The New York Times
Rising from a denuded landscape not far from this area’s famed beaches, the nation’s first new commercial garbage incinerator in 20 years is about to be fired up, ready to blast up to 3,000 tons of trash a day into electricity for thousands of houses.
With landfills shunned, recycling programs stalled and the country’s record-setting trash output unyielding, new waste-to-energy plants are being eyed as a path to salvation.
St. Louis Post-Dispatch
How dangerous is the radioactive West Lake Landfill in Missouri?
To environmental activists and some nearby residents, it’s a disaster waiting to happen, now more than ever because of the underground fire in the adjacent Bridgeton Landfill.
New York's ban on high-volume fracking rocks the foundations of 'shale revolution'
Natural Resources News Service via DCBureau
Emboldened by mounting scientific evidence and shifting poll data, Gov. Andrew Cuomo veered sharply away from America’s conventional wisdom about the wonders of high-volume hydraulic fracturing of shale formations when he banned the practice in New York State on Dec. 17. While the oil and gas titans hope to contain the uprising to one state, the environmental advocates who masterminded it are quietly optimistic that it represents a tipping point, signaling impending decline for fossil fuels’ decades-long hegemony.
McClatchy DC News
Every day, strings of black tank cars filled with crude oil roll slowly across a long wooden railroad bridge over the Black Warrior River in Alabama.
The 116-year-old span is a landmark in this city of 95,000 people, home to the University of Alabama. Residents have proposed and gotten married next to the bridge. Children play under it. During Alabama football season, die-hard Crimson Tide fans set up camp in its shadow.
Too dirty for the US — high-pollution fuels exported
The Associated Press via The Gleaner Company
It's a dangerous trajectory the U.S. is stoking with record exports of dirty fuels, even as it reduces the pollution responsible for global warming at home.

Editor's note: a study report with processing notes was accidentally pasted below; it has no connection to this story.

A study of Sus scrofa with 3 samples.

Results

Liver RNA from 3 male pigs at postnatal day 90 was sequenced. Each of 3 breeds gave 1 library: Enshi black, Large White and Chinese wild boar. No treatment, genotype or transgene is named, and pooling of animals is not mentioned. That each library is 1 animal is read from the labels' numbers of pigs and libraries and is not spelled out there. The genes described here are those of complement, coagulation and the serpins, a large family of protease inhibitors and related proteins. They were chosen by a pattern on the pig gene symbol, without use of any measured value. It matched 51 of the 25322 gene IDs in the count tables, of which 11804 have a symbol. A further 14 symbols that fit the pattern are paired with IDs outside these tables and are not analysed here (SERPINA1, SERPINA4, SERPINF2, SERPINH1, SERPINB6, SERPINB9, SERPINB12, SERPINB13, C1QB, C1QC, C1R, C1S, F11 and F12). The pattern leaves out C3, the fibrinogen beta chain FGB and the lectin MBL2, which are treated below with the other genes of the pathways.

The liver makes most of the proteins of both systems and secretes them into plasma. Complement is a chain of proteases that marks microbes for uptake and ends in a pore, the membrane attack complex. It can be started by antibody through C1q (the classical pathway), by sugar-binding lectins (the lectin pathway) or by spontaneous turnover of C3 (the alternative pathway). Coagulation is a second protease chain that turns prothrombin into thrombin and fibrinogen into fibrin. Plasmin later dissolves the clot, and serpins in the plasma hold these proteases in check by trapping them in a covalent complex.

The carbon embedded in those exports helps the U.S. meet its political goals by taking it off its pollution balance sheet. But it doesn't necessarily help the planet.
The politics of drinking water
On Jan. 9, 2014, American Water warned 300,000 customers in and around Charleston, West Virginia, that local tap water was no longer safe. Ten thousand gallons of 4-Methylcyclohexane Methanol, a chemical used to clean coal, had leaked from a rusty holding tank into the Elk River, upstream of the water treatment facility. State officials warned that exposure to the licorice-scented solvent could cause “burning in throat, severe eye irritation, non-stop vomiting, trouble breathing or severe skin irritation such as skin blistering.”
Study: Earth's fresh-water resources at risk
Although western Lake Erie has become an international poster child for noxious algae, a new study suggests that many of the world’s much smaller, cleaner and calmer bodies of water are likewise in trouble if greater efforts are not undertaken to keep farm fertilizers and other nutrients out of them.
The study’s lead author, Dartmouth College biology professor Kathryn Cottingham, said that’s more evidence of how climate change, population growth and poor land-use practices are putting the Earth’s dwindling freshwater resources at risk.
BPA alternative disrupts normal brain-cell growth, is tied to hyperactivity
The Washington Post
In a groundbreaking study, researchers have shown why a chemical once thought to be a safe alternative to bisphenol-A, which was abandoned by manufacturers of baby bottles and sippy cups after a public outcry, might itself be more harmful than BPA.
University of Calgary scientists say they think their research is the first to show that bisphenol-S, an ingredient in many products bearing “BPA-free” labels, causes abnormal growth surges of neurons in an animal embryo.
Feeling old? It might be from heavy metal
Environmental Health News
High exposure to the toxic metal cadmium could prematurely age cells, potentially triggering a number of diseases as people age, according to a new study.
In a large national study, high exposure to cadmium was linked to shorter telomeres, "bits of DNA that act as caps" on chromosomes to help stabilize genes, said Ami Zota, a George Washington University assistant professor of environmental and occupational health who led the study. Shorten those caps too much, and cells weaken, leading to diseases.